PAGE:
Information about the Tosa
The Tosa (also called the Tosa Inu) is a breed of dog of Japanese origin that is considered rare. It was originally bred in Tosa (present day Kochi) as a fighting dog and still is today.
The Tosa varies considerably in size, with the Japanese-bred dogs tending to be about half the size of those bred outside the country. The Japanese breed generally weighs between 80 and 120 pounds (36 and 54 kg), while the non-Japanese breeders have focused on dogs that weigh from 130 to 200 lb (60 to 100 kg) and stand 24.5 to 32 inches (62 to 82 cm) at the withers. The coat is characterized by its short and smooth appearance and is often red, brindle, or fawn. Occasionally it can be a dull black, but this is somewhat rare. Maintenance of the coat is usually minimal.
This breed originated in the second half of the nineteenth century. The breed started from the native Shikoku-Inu, an indigenous dog weighing about 25 kilograms (45 pounds) and standing about 55 centimetres high, which closely resembles the European Spitz. These dogs were crossed with European dog breeds, such as the Old English Bulldog in 1872, Mastiff in 1874, St. Bernard, German Pointer in 1876, Great Dane in 1924, and the Bull Terrier. The aim was to breed a larger, more powerful dog. The heyday of Tosa breeding was between 1924 and 1933, when it was said that there were more than 5,000 Tosa breeders in Japan.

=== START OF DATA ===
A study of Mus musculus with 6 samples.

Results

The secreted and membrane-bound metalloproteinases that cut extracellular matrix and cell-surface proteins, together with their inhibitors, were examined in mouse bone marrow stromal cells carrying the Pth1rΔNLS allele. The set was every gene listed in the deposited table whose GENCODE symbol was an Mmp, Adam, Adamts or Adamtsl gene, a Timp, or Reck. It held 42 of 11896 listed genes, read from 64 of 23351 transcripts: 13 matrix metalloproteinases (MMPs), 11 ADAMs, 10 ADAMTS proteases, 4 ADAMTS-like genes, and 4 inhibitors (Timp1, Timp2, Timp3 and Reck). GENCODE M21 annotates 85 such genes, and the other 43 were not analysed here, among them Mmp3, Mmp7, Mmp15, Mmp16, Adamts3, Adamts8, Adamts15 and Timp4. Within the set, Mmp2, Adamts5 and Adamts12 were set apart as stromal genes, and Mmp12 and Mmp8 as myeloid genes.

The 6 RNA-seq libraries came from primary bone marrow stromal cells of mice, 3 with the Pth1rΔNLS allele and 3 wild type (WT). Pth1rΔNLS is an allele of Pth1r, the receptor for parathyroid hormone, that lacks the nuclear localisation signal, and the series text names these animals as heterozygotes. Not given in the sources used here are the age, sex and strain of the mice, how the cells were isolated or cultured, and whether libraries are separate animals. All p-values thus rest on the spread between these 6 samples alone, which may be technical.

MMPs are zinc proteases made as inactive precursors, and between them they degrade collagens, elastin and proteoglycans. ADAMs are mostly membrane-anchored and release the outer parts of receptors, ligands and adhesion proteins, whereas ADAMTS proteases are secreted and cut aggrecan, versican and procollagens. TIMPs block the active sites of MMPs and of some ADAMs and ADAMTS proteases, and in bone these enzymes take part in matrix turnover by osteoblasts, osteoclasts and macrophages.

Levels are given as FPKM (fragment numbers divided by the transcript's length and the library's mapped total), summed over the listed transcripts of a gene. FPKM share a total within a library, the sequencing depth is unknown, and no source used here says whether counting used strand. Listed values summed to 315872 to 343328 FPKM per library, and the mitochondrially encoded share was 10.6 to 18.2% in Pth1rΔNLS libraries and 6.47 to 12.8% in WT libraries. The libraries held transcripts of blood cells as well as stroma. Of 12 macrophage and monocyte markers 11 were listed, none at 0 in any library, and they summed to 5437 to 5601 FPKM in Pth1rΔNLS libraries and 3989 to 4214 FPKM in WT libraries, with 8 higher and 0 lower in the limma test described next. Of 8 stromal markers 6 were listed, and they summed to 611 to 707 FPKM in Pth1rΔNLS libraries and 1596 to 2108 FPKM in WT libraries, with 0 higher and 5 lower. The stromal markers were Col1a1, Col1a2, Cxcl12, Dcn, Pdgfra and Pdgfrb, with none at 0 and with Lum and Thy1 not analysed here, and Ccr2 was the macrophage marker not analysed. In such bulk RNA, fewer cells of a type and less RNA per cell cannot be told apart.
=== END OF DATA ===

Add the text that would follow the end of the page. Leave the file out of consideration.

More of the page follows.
Ownership of Tosas is legally restricted in certain jurisdictions. In the United Kingdom ownership is regulated under the Dangerous Dogs Act 1991, and in Trinidad & Tobago under the Dangerous Dogs Act 2000. A specific exemption of a British court is required to own and import Tosas legally in the UK. Some insurance companies will not insure homes with dog breeds deemed dangerous. The Australian Customs Service prohibits the import of Tosas, along with other dog breeds considered dangerous, into Australia.
The Tosa is one of eleven breeds of dog banned in 2007 by the Dublin City Council from their properties, including council houses, flats and estates.
The breed is illegal in Norway, Denmark and Iceland. Additionally, the breed is banned in New Zealand and Malaysia, where the country’s government claimed that the Tosas are specifically bred for fighting; the step was made in order to combat the increasing number of dog attacks on humans, especially children. They are also illegal in Malta, Turkey and Australia.